Cancer, Chemo and Wigs

Cancer… As a young nurse just starting my career  in 1976, the prognosis for my patients was grim. Advances in medical technology have significantly changed that prognosis and many people now survive to live productive lives. Cancer accounts for nearly one-quarter of deaths in the United States, exceeded only by heart diseases.

As devastating as the news is when one learns they have cancer, losing one’s hair as a result of treatment can be just as devastating as the disease.  The good news is once treatment has been completed, unless there are other medical conditions causing hair loss, your hair will come back. Hair grows between 1/4 to 3/4 inches per month on average. Using 1/2 inch as the rule, somewhere between 3-6 months after treatment completion, you can throw your wig away! And trust me, once you feel that you have enough hair to be “socially acceptable”, you will never want to wear a wig again.

When I sold wigs, I discouraged women undergoing chemotherapy from buying human hair wigs, unless they had an allergy to synthetic wigs. The reason is this: you will be facing enough financial concerns with medical bills and a possible reduction in income while you are out on medical leave from your job. Human hair wigs are more expensive than synthetic wigs, but they also last longer when proper care is taken of them. Depending on the chemotherapy regime prescribed by the doctor,  most women only need a wig for 18 months. The average lifespan of a good synthetic wig, properly cared for, is about 4-6 months.  If you are still working and wish to maintain a consistent hairstyle, buy three of the same wig and rotate its use.  And do not hesitate to ask the wig salon owner to make a “three for one special sale”.  Most insurance companies will allow for the purchase of one wig, but some will allow the benefit to be up to $750.00. Know the limits of your insurance before you go shopping, and again…ask for a deal!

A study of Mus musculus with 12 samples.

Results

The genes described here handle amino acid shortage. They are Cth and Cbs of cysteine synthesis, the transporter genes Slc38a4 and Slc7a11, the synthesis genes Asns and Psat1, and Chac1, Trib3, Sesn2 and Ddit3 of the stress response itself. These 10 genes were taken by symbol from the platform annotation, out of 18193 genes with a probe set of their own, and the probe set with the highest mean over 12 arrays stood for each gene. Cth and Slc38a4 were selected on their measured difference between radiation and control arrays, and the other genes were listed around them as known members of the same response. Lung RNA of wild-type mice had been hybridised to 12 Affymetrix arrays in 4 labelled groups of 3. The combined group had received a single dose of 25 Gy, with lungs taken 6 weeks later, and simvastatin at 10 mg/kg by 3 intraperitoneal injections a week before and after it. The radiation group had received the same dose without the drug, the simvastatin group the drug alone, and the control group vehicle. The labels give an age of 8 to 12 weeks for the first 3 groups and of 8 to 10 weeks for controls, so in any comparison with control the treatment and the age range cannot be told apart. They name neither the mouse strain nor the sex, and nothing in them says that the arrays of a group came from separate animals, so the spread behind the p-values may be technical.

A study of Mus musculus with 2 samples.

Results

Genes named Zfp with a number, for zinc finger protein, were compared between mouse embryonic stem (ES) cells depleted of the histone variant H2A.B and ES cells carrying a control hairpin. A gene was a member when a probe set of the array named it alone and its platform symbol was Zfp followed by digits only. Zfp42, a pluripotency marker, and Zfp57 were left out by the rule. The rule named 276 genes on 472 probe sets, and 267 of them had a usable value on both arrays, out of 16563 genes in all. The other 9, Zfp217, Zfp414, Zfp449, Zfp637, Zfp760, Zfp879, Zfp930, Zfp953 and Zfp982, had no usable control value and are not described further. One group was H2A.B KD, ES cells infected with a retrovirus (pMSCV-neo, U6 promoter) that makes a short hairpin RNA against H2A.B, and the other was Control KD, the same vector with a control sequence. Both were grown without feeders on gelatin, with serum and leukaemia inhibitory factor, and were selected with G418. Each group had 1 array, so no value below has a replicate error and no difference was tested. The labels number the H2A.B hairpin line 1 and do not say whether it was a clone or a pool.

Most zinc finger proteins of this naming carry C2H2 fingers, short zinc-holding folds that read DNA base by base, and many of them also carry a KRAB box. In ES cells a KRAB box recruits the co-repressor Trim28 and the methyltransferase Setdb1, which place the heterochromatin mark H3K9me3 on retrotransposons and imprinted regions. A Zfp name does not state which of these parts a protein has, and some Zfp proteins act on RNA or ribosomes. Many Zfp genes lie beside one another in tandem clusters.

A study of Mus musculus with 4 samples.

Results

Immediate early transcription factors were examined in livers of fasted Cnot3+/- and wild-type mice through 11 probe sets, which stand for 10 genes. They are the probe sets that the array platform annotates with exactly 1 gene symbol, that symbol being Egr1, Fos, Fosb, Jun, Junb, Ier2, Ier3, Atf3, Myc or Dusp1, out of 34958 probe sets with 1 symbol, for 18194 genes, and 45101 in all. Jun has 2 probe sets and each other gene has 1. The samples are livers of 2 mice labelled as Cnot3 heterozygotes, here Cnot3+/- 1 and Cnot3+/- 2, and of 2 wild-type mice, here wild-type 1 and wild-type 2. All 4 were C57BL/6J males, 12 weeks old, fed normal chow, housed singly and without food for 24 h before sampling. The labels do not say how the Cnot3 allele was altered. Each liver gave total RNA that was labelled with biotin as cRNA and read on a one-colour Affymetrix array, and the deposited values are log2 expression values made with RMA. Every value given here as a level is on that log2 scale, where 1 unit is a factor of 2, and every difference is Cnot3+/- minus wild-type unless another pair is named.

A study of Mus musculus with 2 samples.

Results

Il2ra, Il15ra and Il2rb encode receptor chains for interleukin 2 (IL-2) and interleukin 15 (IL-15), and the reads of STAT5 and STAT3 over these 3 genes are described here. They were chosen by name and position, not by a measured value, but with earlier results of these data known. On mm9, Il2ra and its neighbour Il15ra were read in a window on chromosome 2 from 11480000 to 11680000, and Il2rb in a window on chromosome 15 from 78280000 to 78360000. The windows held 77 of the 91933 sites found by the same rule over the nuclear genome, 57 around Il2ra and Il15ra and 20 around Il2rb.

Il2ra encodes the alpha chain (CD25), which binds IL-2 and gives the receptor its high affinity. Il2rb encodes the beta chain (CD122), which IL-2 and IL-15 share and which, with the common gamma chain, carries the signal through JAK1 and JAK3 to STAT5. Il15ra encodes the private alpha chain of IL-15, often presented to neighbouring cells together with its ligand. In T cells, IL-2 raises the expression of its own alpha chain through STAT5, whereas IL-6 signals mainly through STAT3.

I believe in being honest, and therefore, must tell you that wearing a wig is not comfortable for most people. You learn to tolerate it at best. While undergoing chemotherapy, your scalp may become even more sensitive. Be sure to take precautions to protect your scalp by keeping it clean and moisturized.  Some people find wearing a wig liner helpful.

Thank you for reading this page and I hope this information has been helpful to you. Please feel free to comment, suggest tips, or just share your story. I appreciate hearing from you!